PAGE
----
Oxfam: richest 1% emit as much planet-heating pollution as two-thirds of humanity
Katie Hill - Editor-in-Chief, My Green Pod
African little girls standing in trash and looking at houses in Kibera slum, Kenya, East Africa. Kibera is the largest slum in Nairobi, the largest urban slum in Africa, and the third largest in the world

The richest 1% of the world’s population produced as much carbon pollution in 2019 as the five billion people who made up the poorest two-thirds of humanity, according to a report published by Oxfam ahead of the UN Climate Summit, COP28.

The report, Climate Equality: A Planet for the 99%, is based on research with the Stockholm Environment Institute (SEI).

It assesses the consumption emissions of different income groups, highlighting the stark gap between the carbon footprints of the super-rich –whose carbon-hungry lifestyles and investments in polluting industries like fossil fuels are driving global warming – and the rest of the world.

The study shows there is also vast inequality in how the impacts of the rapidly changing climate are felt.

It is people living in poverty, marginalised groups such as women and Indigenous Peoples and low-income countries who have done the least to cause it, who are suffering the worst consequences – and who are least able to respond or recover.

Climate-related deaths

With climate change driving a rise in world temperatures, deaths from heat are set to increase dramatically, particularly in low-income countries.

The report reveals the outsized emissions of the richest 1% will cause 1.3 million heat-related excess deaths – roughly equivalent to the population of Dublin – with most of these deaths occurring between 2020 and 2030.

‘The super-rich are plundering and polluting the planet to the point of destruction and it is those who can least afford it who are paying the highest price. The huge scale of climate inequality revealed in the report highlights how the two crises are inextricably linked – fuelling one another – and the urgent need to ensure the rising costs of climate change fall on those most responsible and able to pay.

‘The gap between the super-rich and the rest of us is stark. It would take about 1,500 years for someone in the bottom 99 per cent to produce as much carbon as the richest billionaires do in a year. This is fundamentally unfair.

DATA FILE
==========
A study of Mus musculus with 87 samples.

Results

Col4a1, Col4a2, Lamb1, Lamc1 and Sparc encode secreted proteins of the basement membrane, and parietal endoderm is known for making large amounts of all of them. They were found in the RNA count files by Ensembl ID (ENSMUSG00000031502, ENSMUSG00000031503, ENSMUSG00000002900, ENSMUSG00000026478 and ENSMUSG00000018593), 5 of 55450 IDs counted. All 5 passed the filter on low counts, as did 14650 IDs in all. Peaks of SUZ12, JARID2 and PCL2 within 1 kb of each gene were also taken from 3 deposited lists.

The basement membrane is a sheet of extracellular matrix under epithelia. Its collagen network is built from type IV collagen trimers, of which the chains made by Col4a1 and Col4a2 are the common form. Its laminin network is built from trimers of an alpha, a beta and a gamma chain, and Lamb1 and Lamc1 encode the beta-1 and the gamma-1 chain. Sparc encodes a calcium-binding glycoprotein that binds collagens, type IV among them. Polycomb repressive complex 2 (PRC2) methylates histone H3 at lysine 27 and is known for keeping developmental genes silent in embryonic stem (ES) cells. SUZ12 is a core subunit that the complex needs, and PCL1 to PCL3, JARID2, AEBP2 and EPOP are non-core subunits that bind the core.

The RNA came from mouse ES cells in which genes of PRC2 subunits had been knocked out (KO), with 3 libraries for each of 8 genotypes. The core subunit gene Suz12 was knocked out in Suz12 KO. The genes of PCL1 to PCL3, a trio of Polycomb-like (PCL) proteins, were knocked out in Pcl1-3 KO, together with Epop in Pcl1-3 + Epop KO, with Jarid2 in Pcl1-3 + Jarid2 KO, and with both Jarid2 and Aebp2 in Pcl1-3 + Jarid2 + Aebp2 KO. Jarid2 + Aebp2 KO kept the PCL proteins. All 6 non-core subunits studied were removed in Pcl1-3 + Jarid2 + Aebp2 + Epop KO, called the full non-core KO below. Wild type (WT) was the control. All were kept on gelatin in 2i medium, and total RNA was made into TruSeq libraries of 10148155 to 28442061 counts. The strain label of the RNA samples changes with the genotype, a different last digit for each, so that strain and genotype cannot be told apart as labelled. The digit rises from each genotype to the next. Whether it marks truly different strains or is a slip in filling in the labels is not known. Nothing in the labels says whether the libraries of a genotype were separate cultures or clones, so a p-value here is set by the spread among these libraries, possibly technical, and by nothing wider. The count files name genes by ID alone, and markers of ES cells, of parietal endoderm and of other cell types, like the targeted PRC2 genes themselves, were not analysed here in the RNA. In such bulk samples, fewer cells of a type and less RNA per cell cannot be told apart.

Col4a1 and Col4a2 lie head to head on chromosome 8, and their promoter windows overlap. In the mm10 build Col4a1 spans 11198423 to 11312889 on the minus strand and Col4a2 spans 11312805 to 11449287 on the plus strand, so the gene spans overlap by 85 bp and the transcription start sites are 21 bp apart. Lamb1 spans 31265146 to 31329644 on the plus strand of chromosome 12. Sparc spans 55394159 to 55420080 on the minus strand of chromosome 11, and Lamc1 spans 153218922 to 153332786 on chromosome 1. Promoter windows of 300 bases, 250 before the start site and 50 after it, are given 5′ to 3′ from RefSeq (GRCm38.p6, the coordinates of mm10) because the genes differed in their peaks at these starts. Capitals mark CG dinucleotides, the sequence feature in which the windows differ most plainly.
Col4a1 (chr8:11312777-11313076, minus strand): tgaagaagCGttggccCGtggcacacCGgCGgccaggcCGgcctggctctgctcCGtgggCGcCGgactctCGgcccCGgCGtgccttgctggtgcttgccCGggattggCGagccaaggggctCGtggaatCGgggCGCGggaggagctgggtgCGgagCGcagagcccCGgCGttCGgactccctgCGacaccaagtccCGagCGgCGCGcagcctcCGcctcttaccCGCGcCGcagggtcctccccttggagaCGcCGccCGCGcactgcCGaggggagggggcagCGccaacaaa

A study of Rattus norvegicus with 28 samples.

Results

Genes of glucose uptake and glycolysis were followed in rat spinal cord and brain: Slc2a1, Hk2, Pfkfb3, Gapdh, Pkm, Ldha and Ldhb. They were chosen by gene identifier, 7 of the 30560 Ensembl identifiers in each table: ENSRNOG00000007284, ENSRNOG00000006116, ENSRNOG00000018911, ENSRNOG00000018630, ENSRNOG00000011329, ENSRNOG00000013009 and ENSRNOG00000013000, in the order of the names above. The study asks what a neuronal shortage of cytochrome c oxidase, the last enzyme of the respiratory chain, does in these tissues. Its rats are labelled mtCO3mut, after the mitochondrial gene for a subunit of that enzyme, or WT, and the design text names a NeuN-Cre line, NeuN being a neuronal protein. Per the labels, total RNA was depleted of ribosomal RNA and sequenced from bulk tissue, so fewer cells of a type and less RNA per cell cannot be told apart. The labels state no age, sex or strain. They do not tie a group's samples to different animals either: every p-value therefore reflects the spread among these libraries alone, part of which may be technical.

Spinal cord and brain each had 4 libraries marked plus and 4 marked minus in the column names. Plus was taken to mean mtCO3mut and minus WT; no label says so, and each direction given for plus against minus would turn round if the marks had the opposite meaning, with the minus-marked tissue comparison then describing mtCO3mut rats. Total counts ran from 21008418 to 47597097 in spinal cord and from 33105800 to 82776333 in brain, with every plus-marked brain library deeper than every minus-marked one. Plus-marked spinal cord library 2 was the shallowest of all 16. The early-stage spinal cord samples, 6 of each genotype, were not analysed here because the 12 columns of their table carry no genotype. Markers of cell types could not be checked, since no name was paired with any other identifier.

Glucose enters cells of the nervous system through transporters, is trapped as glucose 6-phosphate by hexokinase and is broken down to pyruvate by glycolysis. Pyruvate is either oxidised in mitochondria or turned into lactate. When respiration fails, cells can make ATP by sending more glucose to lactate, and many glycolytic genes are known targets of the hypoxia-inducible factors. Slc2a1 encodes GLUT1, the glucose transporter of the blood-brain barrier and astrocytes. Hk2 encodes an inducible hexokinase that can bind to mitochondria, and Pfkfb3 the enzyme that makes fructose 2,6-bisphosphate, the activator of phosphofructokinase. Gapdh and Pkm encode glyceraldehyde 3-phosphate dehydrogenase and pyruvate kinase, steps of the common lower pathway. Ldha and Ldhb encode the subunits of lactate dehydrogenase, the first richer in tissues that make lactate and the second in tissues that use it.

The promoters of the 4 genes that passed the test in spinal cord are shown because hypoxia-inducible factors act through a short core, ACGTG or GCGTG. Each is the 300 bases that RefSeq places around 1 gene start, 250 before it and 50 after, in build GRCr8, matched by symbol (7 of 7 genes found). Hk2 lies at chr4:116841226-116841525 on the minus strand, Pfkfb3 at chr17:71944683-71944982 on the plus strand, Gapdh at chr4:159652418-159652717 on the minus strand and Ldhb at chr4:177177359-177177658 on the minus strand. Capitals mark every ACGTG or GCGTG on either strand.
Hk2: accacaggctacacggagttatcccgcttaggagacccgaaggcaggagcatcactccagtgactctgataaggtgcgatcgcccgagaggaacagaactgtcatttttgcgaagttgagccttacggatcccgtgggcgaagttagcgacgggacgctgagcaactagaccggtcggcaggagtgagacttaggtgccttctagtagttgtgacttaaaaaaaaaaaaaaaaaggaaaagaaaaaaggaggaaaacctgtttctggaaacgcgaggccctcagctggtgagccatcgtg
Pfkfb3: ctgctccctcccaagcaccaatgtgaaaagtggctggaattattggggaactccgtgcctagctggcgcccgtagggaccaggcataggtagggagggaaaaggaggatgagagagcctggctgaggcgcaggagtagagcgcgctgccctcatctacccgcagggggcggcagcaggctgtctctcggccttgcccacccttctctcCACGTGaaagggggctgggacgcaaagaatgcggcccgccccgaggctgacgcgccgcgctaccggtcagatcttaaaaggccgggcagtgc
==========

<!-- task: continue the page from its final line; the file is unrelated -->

‘Governments globally, including the UK, need to tackle the twin crises of inequality and climate change, by targeting the excessive emissions of the super-rich by taxing them more. This would raise much needed revenue that could be directed to a range of vital social spending needs, including a fair switch to clean, renewable energy as well as fulfilling our international commitments to support communities who are already bearing the brunt of the climate crisis.’

Oxfam’s senior climate justice policy adviser

Key findings from the report

The report also revels that the richest 1% (77 million people) were responsible for 16% of global consumption emissions in 2019 —more than all car and road transport emissions. The richest 10% accounted for half (50%) of emissions.

It would take about 1,500 years for someone in the bottom 99% to produce as much carbon as the richest billionaires do in a year.

Since the 1990s, the richest 1% have burned through more than twice as much carbon as the bottom half of humanity.

The carbon emissions of the richest 1% are set to be 22 times greater than the level compatible with the 1.5°C goal of the Paris agreement in 2030. By contrast, the emissions of the poorest half of the global population are set to remain at one-fifth of the 1.5°C compatible level.

Every year, the emissions of the richest 1% cancel out the carbon savings coming from nearly one million wind turbines.

The death toll from floods is seven times higher in the most unequal countries compared with more equal ones.

Taxes to slash emissions

Oxfam analysis shows that that the long-term impacts of a changing climate, such as chronically lower crop yields or water scarcity, have already become a reality – yet the richest countries and the richest people are the most insulated from the climate catastrophe they have caused.

Around the world, soaring food prices spell out a future of hunger and malnutrition for people living in, or at risk of, poverty, while the richest are able to absorb these additional costs.

‘Climate change is a burden not shared equally. Governments can and must act now. Like elsewhere, the climate crisis is exacerbating existing inequalities in the UK, and it will continue to do so unless the government accelerates the move to a fossil fuel free future, ensuring the biggest polluters, and those with the most wealth, are the ones who foot the bill. What is needed from the UK Government is the political courage to make them pay their fair share for the damage they have caused, and ensure that the costs do not fall on lower-income households.’

Oxfam’s senior climate justice policy adviser

Recent Oxfam research has also shown that the UK government could have raised up to £23 billion last year alone if it had implemented a series of common-sense taxes on the UK’s biggest polluters – namely fossil fuel companies and the extremely rich.

Oxfam calculates that a global 60% tax on the incomes of the richest 1% would cut emissions by more than the total emissions of the UK and raise £5.2 trillion ($6.4 trillion) a year to pay for the transition away from fossil fuels to renewable energy.